Elsa, which is now a tropical storm, is hitting Florida with heavy rain and wind as it moves across the state after lashing the Tampa Bay region. The National Hurricane Center said in its 5 a.m. Eastern advisory that the storm was tracking northward almost parallel to Florida’s coastline, and a hurricane warning remained in effect across a stretch of the coast from Chassahowitzka to the Steinhatchee River.
Forecasters said damaging winds, dangerous storm surge and heavy rainfall remains likely across the state’s west coast.
Elsafor several hours on Tuesday night before weakening again.
“We ask that you please take it seriously,” Governor Ron Desantis said Tuesday in Tallahassee. “This is not a time to joyride because we do have hazardous conditions out there.”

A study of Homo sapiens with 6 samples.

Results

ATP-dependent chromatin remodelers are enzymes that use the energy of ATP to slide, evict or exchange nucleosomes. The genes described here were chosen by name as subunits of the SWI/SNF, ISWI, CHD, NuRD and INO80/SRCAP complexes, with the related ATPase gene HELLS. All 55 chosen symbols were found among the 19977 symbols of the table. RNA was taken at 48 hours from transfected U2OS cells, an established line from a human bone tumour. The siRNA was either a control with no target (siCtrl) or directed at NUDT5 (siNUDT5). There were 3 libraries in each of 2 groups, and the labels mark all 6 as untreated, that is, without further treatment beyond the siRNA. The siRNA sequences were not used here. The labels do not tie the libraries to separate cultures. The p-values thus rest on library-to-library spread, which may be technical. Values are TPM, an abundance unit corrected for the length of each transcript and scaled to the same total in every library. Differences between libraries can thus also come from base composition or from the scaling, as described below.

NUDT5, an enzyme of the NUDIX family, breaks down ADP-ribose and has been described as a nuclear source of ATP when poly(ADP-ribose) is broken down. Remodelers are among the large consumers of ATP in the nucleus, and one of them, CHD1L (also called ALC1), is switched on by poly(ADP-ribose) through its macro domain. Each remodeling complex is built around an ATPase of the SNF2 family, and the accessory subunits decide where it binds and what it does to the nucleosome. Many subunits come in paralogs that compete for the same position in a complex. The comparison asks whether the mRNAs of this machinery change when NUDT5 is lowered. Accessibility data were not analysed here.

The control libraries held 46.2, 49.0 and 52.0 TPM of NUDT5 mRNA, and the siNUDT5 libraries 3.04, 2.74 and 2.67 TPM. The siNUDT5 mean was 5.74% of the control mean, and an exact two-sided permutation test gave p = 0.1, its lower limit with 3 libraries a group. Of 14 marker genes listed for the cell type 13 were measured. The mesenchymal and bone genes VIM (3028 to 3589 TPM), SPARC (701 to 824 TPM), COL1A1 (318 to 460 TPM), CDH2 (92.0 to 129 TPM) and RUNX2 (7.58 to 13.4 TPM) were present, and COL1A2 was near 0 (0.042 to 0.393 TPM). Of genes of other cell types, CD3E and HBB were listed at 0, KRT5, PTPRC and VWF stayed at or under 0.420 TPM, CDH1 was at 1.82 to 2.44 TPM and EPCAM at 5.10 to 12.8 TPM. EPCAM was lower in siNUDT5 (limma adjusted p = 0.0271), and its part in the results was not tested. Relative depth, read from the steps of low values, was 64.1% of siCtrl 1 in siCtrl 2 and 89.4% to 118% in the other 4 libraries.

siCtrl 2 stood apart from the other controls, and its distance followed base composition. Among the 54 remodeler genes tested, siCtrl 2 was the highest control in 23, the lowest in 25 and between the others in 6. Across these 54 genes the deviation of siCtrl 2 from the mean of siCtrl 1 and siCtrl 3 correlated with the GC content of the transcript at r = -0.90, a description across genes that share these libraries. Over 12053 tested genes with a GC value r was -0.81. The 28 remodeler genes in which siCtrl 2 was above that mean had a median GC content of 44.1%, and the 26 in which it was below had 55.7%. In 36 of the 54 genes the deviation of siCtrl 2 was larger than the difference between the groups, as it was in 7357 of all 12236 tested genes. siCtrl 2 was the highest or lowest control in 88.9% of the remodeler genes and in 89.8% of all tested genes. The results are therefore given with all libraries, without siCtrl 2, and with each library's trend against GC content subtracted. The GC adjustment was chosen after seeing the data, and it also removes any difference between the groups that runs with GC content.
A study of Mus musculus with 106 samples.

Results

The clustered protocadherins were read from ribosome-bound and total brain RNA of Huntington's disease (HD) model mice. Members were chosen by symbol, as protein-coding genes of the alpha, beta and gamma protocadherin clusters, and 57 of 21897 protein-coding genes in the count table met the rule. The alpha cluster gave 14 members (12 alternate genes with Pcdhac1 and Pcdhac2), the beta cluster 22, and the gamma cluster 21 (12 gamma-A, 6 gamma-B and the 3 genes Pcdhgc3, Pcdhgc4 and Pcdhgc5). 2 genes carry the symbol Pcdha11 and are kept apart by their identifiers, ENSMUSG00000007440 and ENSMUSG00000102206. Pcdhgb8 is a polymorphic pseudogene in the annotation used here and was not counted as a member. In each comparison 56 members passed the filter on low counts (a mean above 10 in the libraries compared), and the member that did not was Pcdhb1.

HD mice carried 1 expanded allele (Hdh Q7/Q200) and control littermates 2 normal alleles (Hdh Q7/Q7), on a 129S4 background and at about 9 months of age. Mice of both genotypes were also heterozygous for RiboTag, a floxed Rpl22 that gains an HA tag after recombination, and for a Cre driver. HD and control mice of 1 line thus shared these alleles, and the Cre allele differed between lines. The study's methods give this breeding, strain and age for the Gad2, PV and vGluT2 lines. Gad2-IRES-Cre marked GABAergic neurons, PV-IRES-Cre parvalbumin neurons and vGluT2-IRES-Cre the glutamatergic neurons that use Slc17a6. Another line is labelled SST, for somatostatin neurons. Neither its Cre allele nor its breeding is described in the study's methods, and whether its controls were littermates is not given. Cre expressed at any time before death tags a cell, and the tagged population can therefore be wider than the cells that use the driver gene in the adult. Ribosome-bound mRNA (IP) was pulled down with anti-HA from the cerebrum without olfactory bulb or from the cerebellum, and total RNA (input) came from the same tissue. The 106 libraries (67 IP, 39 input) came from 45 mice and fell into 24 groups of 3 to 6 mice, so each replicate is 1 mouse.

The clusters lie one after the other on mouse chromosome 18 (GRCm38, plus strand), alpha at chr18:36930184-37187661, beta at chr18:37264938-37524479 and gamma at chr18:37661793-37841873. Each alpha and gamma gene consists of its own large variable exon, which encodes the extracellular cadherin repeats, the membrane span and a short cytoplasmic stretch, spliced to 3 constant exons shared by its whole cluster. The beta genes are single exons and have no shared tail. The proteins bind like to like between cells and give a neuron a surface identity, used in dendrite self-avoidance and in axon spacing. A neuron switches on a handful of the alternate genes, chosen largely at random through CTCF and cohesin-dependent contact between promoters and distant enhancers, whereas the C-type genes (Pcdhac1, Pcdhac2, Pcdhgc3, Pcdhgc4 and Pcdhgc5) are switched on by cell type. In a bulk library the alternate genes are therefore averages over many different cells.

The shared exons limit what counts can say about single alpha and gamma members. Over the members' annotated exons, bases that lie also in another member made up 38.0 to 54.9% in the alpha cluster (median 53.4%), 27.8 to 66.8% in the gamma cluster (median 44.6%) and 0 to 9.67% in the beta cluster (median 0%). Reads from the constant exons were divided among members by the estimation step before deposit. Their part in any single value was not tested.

There were no reports of damage or injuries overnight in the Tampa Bay area, and the worst of the winds were expected to stay just offshore.
Early Wednesday morning, Elsa was centered about 70 miles west-northwest of Tampa, and still packing maximum sustained winds around 65 mph. It was moving north at about 14 mph, according to the National Hurricane Center, and expected to turn inland later in the morning and rake across northern central Florida.
Tropical storm warnings were in effect for a swath of the Georgia coast up into South Carolina, where significant flooding was predicted. The National Hurricane Center said there was a storm surge warning in place for a long section of Florida’s Gulf Coast, from Bonita Beach to the Aucilla River, including Tampa Bay.